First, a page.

The Surprising Truth About Paul Newman's On Set Behavior

To those who knew him well, actor Paul Newman was a prankster behind the scenes. A trickster at heart, Newman was mistaken early on for the actor Marlon Brando, according to IMDb. Rather than letting the eager fans know who he really was, Newman signed hundreds of autographs, "Best wishes, Marlon Brando."

The pranks that Newman pulled on the movie set were more elaborate than signing another person's autograph. The actor spent considerable time and money pulling off some elaborate practical jokes, according to friend and scriptwriter A.E. Hotchner. The writer attributes his friend's fondness for practical jokes to the fact that he stayed attuned to his inner child. In his 2010 memoir "Paul and Me" (quoted at Daily Beast), Hotchner wrote, "Paul always maintained that the best actors, including himself, were the ones who preserved the child within them, performing as they do with makeup and costumes and toy guns and all the other make-believes of their childhoods."

Paul Newman vs. director George Roy Hill

There was a special place in Paul Newman's heart for playing tricks on directors, and George Roy Hill (above) was Newman's favorite director to trick, according to the Daily Beast. The two worked together on "Butch Cassidy and the Sundance Kid" (1969), "The Sting" (1973), and other films. During the filming of "Butch Cassidy," Newman suggested changes to a scene, which Hill ignored. Newman retaliated by arranging to have Hill's desk sawed in half. The work was done so neatly that the desk still appeared to be whole until the director sat down, and it collapsed in his lap.

During filming of "The Sting," Newman asked to change the ending of the movie, and Hill refused his request. This time, Newman sawed Hill's car in half. Leaving the set on the way to the wrap party, Hill discovered his car in two pieces and called a cab. Arriving at the party, he was met at the door by Newman holding keys to the new car he had bought for the director, telling him, "You needed an upgrade."

Paul Newman plays the same trick twice

Like Hollywood stunts on the big screen, Paul Newman's practical jokes should not be tried at home. The actor was known to fake his own death — repeatedly so, according to the Daily Beast. In "Exodus" (1960), Paul Newman had a fight scene on a balcony, but substituted a lookalike dummy of himself, which was tossed off the balcony to the ground below with cameras rolling. The director, Otto Preminger, was so shaken he reportedly collapsed and needed first aid.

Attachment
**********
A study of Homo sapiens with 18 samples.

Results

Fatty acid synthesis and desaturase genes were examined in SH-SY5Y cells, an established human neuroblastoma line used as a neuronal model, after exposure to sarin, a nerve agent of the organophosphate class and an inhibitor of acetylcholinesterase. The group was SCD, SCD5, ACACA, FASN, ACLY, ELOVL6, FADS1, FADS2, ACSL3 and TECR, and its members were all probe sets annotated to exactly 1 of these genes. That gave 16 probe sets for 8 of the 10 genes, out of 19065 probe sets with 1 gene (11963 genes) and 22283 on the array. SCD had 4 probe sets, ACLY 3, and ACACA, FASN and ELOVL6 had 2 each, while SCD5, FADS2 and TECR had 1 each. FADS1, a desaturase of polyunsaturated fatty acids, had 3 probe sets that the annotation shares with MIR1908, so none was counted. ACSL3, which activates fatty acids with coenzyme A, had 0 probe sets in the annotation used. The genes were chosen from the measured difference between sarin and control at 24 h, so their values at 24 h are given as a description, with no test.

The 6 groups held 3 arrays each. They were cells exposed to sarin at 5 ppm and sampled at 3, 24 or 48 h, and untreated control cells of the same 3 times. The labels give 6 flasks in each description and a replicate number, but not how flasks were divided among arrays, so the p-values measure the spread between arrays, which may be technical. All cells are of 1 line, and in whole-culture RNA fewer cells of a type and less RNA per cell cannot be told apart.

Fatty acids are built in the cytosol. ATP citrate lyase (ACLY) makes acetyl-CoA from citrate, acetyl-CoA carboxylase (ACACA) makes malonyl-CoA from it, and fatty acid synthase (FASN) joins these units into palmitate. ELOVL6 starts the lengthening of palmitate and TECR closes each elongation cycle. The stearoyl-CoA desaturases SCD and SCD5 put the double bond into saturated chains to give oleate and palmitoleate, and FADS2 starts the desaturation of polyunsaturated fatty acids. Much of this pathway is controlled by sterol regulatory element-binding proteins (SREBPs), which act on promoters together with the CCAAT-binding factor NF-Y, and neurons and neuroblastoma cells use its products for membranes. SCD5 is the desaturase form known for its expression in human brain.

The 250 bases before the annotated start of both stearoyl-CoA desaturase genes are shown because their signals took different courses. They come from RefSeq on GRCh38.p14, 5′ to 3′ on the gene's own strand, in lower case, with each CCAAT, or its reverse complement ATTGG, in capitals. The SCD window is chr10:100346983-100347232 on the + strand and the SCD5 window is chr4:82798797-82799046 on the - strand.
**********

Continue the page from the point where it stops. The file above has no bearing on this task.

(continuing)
Despite the trouble he caused, Paul Newman decided to pull the same stunt with another director. While filming a scene that took place 60 feet off the ground in John Huston's 1973 film "The MacKintosh Man," Newman pushed a dummy that looked like himself onto the ground. Huston, seeing the dummy fall, yelled "Cut!" and hurried to the scene of the supposed accident. In both instances, Newman staged the pranks to get back at the directors for not changing the script as he requested.

Some of Paul Newman's jokes backfired

While filming the 1976 film "Buffalo Bill and the Indians," Paul Newman tried to play a practical joke on director Robert Altman that backfired, according to the Daily Beast. Filling Altman's trailer with 300 chickens, the star waited for a hilarious reaction. Unfortunately Altman was elsewhere at the time, and was gone long enough for the chickens to die in the heat. Though in later years, Paul Newman would donate proceeds from his "Newman's Own" line of food products to animal organizations (per Animal Adoption Center), he was accidentally responsible for the death of 300 chickens in a practical joke gone wrong.

Newman replaced Altman's trailer at his own expense. The jokes, however, did not stop. Altman hosted a dinner for the cast, at which he served cheap wine. Newman later had a goat delivered to Altman on the set with a note on the collar: "Dear Bob, Since what you serve at dinner is goat p*** you may as well have a goat handy."

Paul Newman gets back at Robert Redford

Paul Newman first co-starred with Robert Redford in "Butch Cassidy and the Sundance Kid," and later in "The Sting." The two leading men kept up a friendship that was "collegial but prickly," A.E. Hochner wrote in his memoir (quoted by the Daily Beast). Redford once played a practical joke on Newman, getting him a Porsche from a junkyard for his birthday and presenting it wrapped in a blue ribbon in the driveway. The car came with neither wheels nor fenders, and was useless to Newman, who was passionate about racing cars.

Newman devised a way to get back at his friend. He arranged to have the car compacted and — in exchange for an autographed picture of himself — also arranged to have the crate of crushed metal delivered to Redford's living room with the blue ribbon still on it. Presumably the signed picture he gave away in this transaction had his own name on it, not Marlon Brando's.

Paul Newman 'enjoyed life'

According to Paul Newman's friend A.E. Hotchner, the practical jokes were simply an extension of how Newman lived his life. "Paul so enjoyed life, and never acted like a superstar," Hotchner told Deadline in an interview. "Whether he was pulling pranks on a movie set, or mixing the first batch of Newman's Own salad dressing with a canoe paddle, he was a maverick who did what he wanted."

Hotchner went on to insist that the same impish creative force was present in everything Newman did, on or off the screen. "He never would have turned in those performances if he wasn't a person who took risks and had fun."

Newman didn't just have fun at other people's expense, however. His biting wit even took aim at himself. He famously said of his popular line of "Newman's Own" food products (via Britannica): "The embarrassing thing is that my salad dressing is out-grossing my films."